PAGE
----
Wednesday, April 28, 2010

Notes from the Children’s Literature Festival, a Poetry Kit, & Project OpenBook

I got to take my son to the Children’s Literature Festival at Truman State University recently. I’ll admit—I had been looking forward to the day for an entire year, as soon as the festival ended last year. Twelve authors and illustrators visited the campus and gave talks to local 4th-6th graders, followed by a book-signing and a dinner. It was a fantastic experience. Hearing people share their stories, their work and their passion was exhilarating.

We went to three author sessions. Jane Kurtz talked about growing up in Ethiopia, the list of 100 greatest children’s books her mother used to supply reading material for her children, and how her family helped her become the author and person she is today. Ben Mikaelsen spoke about the merciless bullying he endured growing up, how he realized he might as well do what he loved instead of try to fit in since he was going to be harassed by peers either way, and how his first English professor recognized that he was a born storyteller even though he could barely write when he started college. Oh—and my son’s favorite thing about him is that he lives with a 750-pound bear! Brad Sneed spoke about the process of illustration, from manuscript to sketches to the final product, and gave some insight into what it’s like to collaborate on a picture book.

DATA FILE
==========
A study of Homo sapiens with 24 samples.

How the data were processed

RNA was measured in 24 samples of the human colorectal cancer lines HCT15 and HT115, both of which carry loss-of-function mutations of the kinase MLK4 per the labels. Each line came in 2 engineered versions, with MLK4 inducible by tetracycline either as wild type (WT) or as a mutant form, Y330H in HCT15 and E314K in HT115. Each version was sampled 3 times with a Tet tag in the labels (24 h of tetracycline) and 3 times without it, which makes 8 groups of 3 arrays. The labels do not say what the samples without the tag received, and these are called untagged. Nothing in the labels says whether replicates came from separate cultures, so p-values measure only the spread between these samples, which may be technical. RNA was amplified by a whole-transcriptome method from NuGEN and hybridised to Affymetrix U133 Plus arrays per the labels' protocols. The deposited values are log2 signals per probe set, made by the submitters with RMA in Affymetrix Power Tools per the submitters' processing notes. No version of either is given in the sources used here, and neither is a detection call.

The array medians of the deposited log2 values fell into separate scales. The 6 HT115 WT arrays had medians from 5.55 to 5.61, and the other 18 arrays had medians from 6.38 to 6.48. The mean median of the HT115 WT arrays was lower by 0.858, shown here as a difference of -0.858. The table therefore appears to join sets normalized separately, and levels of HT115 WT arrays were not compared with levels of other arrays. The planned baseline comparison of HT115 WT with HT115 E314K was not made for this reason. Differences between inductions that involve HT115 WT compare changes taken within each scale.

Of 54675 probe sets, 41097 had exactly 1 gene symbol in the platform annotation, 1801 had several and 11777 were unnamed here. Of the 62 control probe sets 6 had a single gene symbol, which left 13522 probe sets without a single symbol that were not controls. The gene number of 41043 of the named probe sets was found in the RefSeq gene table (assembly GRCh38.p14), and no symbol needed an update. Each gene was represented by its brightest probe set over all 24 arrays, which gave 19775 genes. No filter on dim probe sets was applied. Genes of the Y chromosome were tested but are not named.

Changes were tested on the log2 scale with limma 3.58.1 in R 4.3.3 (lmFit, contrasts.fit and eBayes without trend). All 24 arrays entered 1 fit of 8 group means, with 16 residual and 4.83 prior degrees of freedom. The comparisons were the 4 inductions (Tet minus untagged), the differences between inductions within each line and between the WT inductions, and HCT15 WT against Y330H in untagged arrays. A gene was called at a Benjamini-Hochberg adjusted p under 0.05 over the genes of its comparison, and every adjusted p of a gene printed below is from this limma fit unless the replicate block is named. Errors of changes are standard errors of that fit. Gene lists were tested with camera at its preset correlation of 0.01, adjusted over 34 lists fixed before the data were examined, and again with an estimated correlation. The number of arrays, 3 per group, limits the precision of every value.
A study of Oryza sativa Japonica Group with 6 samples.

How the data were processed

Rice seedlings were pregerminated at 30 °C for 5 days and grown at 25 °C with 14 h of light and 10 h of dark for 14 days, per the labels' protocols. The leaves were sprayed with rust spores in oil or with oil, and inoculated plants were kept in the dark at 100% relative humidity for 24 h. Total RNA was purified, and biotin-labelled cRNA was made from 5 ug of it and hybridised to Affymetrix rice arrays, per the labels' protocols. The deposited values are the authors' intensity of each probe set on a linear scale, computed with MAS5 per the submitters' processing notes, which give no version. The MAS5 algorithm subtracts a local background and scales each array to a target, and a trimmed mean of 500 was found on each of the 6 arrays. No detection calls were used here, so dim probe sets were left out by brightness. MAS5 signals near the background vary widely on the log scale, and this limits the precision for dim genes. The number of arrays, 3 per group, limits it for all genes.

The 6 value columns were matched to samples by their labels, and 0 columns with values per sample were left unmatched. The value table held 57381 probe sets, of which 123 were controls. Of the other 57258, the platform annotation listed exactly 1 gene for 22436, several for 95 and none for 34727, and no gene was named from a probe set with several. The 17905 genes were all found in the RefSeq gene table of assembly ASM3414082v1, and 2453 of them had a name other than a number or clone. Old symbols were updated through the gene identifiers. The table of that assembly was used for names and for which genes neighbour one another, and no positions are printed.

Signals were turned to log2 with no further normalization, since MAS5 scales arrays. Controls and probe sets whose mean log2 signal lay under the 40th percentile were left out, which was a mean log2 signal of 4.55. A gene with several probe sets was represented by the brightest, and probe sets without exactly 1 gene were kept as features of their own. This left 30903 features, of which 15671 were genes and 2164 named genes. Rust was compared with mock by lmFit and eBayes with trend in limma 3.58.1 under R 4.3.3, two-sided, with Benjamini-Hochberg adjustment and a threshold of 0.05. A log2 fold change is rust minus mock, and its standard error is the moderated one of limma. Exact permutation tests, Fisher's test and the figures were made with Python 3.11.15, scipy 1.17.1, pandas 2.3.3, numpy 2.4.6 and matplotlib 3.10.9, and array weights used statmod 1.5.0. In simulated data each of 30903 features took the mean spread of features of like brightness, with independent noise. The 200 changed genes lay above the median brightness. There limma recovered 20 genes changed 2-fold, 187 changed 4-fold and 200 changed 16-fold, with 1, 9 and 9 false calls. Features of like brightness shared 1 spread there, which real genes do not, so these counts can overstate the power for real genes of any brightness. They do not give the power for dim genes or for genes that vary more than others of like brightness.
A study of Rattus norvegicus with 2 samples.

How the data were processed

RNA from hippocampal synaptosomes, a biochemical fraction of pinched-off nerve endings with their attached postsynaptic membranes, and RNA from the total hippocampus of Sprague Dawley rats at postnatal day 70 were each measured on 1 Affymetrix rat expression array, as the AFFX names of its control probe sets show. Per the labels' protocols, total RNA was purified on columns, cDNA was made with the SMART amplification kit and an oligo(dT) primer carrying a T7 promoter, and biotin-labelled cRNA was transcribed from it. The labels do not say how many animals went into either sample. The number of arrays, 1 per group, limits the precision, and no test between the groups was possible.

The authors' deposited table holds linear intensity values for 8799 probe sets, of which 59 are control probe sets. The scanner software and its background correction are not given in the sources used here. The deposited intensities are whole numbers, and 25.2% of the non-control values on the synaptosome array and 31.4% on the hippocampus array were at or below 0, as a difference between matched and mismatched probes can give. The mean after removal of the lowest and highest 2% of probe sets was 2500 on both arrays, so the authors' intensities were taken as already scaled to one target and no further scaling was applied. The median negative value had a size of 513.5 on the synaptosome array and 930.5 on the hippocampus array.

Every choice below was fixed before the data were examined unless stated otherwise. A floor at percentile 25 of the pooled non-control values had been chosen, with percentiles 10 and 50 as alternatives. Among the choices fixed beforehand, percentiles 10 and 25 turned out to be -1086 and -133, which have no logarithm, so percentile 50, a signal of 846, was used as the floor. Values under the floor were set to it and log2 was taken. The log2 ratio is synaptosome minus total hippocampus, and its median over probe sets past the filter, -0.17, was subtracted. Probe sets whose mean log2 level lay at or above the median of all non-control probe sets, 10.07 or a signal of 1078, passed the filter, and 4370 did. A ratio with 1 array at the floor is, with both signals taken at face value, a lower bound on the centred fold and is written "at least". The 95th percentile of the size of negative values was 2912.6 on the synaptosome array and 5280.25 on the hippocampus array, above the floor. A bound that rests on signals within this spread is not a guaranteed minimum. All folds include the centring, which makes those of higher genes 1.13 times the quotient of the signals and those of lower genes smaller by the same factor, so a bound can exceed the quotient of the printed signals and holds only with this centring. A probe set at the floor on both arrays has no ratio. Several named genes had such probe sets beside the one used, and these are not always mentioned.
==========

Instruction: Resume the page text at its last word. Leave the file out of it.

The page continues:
We met several authors during the book signing. What a friendly bunch of people! Jill Esbaum, author of Stanza, which I wrote about in this post, was lovely. She passed along a link to this poetry kit, which has activities and downloads for Stanza as well as other Houghton Mifflin Harcourt books. The writing tips for how to make a jingle look really fun!

This is very cool, too: Brad Sneed is co-founder of Project OpenBook, a community-built book of poetry for children. Visit the blog at Marblespark to read and vote on submitted poems, or submit your own poetry or artwork. The readers choose what ultimately goes into the book, and the proceeds will go to Room to Read to free a young girl in Nepal from indentured service. Fantastic idea!